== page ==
January 9, 1988
By LAURIE ASSEO
PHOENIX, Ariz. (AP) — Gov. Evan Mecham, indicted on felony charges of fraud and perjury, said Saturday that he was “completely clean” and would not resign despite “political opportunists in the attorney general’s office.”
In his first formal response to Friday’s six-count allegation that he violated the law by concealing a $350,000 campaign loan, Mecham said he would welcome a public trial as “a breath of fresh air” and called the indictment “political persecution, not legal prosecution.”
He said “a swirl of manipulation, deceit and skulduggery” was being used in an effort to “overthrow a constitutionally elected official.”
“I am completely clean,” he told reporters in the Capitol lobby. He declined to answer questions and left immediately after reading his 15-minute statement.
Attorney General Bob Corbin, a Republican like Mecham, said his office had sought to handle the Mecham case the same way it would any other. Corbin denied that he planned to run against Mecham.
The governor’s claim that he was the victim of political persecution was “the same junk that I’m doing this because I’m going to run in a recall election. No way,” said Corbin.
The embattled Mecham, who took office a year ago, also faces an impeachment inquiry in the state House of Representatives and a recall campaign that is likely to force an election this year.
Mecham, 63, will not resign and will not accept a plea bargain, press secretary Ken Smith said before Mecham’s brief appearance.
“Obviously the governor and his attorney believe that they have a rock- solid case” and will win acquittal, Smith said. “I don’t pretend to be a lawyer … but my exposure to him for four months (since going to work for Mecham) tells me that he had no criminal intention in concealing the loan.”
State Republican Party Chairman Burton Kruglick said Saturday that party leaders will meet soon to assess whether the party should continue supporting the embattled governor.
“Obviously we’ve said there’s a problem here and we need to look at it,” said Kruglick, who was reached in San Diego. “I don’t believe in blind loyalty either. There is no question that this is damaging to the party.”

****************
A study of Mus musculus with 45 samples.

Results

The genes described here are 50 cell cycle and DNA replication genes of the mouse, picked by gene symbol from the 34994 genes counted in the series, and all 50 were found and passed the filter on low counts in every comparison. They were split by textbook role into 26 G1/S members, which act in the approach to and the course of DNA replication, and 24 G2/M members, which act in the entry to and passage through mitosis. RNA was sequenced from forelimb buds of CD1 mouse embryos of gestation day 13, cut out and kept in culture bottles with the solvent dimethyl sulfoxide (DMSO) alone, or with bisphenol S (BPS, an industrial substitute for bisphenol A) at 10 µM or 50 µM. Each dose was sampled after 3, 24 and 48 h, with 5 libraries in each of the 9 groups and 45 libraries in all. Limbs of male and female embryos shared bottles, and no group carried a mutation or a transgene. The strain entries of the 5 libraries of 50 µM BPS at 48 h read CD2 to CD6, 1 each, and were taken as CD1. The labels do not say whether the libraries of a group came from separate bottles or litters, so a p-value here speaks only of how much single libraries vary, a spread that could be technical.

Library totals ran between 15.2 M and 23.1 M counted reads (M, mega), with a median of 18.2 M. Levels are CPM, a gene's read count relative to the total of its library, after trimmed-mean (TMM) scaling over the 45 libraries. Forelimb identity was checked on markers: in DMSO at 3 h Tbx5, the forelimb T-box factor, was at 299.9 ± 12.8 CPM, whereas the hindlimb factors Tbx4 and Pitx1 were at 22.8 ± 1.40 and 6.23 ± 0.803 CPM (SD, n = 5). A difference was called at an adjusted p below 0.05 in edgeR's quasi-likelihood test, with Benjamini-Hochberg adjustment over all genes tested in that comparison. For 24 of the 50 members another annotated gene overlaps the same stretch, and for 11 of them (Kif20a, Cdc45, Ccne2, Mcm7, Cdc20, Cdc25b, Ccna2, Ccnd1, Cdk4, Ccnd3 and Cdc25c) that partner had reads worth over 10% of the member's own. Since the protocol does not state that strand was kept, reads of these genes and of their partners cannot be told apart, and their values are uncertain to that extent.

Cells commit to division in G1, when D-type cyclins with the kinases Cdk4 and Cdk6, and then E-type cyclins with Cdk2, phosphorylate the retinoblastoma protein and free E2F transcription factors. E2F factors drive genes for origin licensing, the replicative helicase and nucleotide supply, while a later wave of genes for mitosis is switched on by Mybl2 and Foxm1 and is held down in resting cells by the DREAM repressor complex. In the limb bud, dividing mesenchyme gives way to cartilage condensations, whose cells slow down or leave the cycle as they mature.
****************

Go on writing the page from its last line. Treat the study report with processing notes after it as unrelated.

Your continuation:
Friday’s indictment led to renewed calls for Mecham’s resignation from legislators in both parties.
The state grand jury indicted Mecham and his brother and campaign treasurer, Willard Mecham, on charges of perjury, fraud and false filing for omitting the loan from a campaign-finance disclosure report. Signing a false financial-disclosure statement constitutes perjury, officials said.
Mecham also was charged with fraud and two counts of perjury for omitting the loan from two personal-finance disclosure statements.
If convicted on any count, the governor would be automatically removed from office. He would face almost 23 years in prison if convicted on all counts.
Meanwhile, Phoenix fire officials said Saturday there was no word on possible suspects in an arson fire Friday night that damaged records in the law office of the state House’s special counsel, William French.
French has been investigating whether Mecham should be impeached and is scheduled to present his findings to House members Friday. French said his paperwork on the Mecham case was not affected.
House Speaker Joe Lane said Friday the indictment would have no bearing on the House investigation and decision on whether to impeach.
Mecham also faces possible recall from office resulting from a petition campaign by the Mecham Recall Committee. Although the count has not yet been declared official, county recorders have certified well over the 216,746 number of signatures required to force an election, probably in May.
The auto dealer won the governorship on his fifth try in a three-way race and took office on Jan. 5, 1987. He has been embroiled in controversy since his first month in office, when he canceled a Martin Luther King holiday for state employees.
Mecham further angered black leaders by defending the use of the word “pickaninny.” He also has said that working women cause divorce and that homosexuality is an unacceptable lifestyle, and in December he angered Jews by defending an earlier statement that the United States is a “great Christian nation.”
Mecham’s legal problems began in October when it was revealed that he had received but failed to report a $350,000 campaign loan from Tempe developer Barry Wolfson. The loan made up about one-third of Mecham’s campaign warchest but was lumped in with other contributions on his campaign financial statement. Wolfson’s name did not appear on the statement.
In a letter to Wolfson, Mecham had promised that the loan would “remain confidential.” When he revised his personal and campaign financial reporting statements in November, the governor said the failure to itemize the loan was an “honest mistake” and blamed it on his brother, Willard, who was indicted Friday on three similar counts.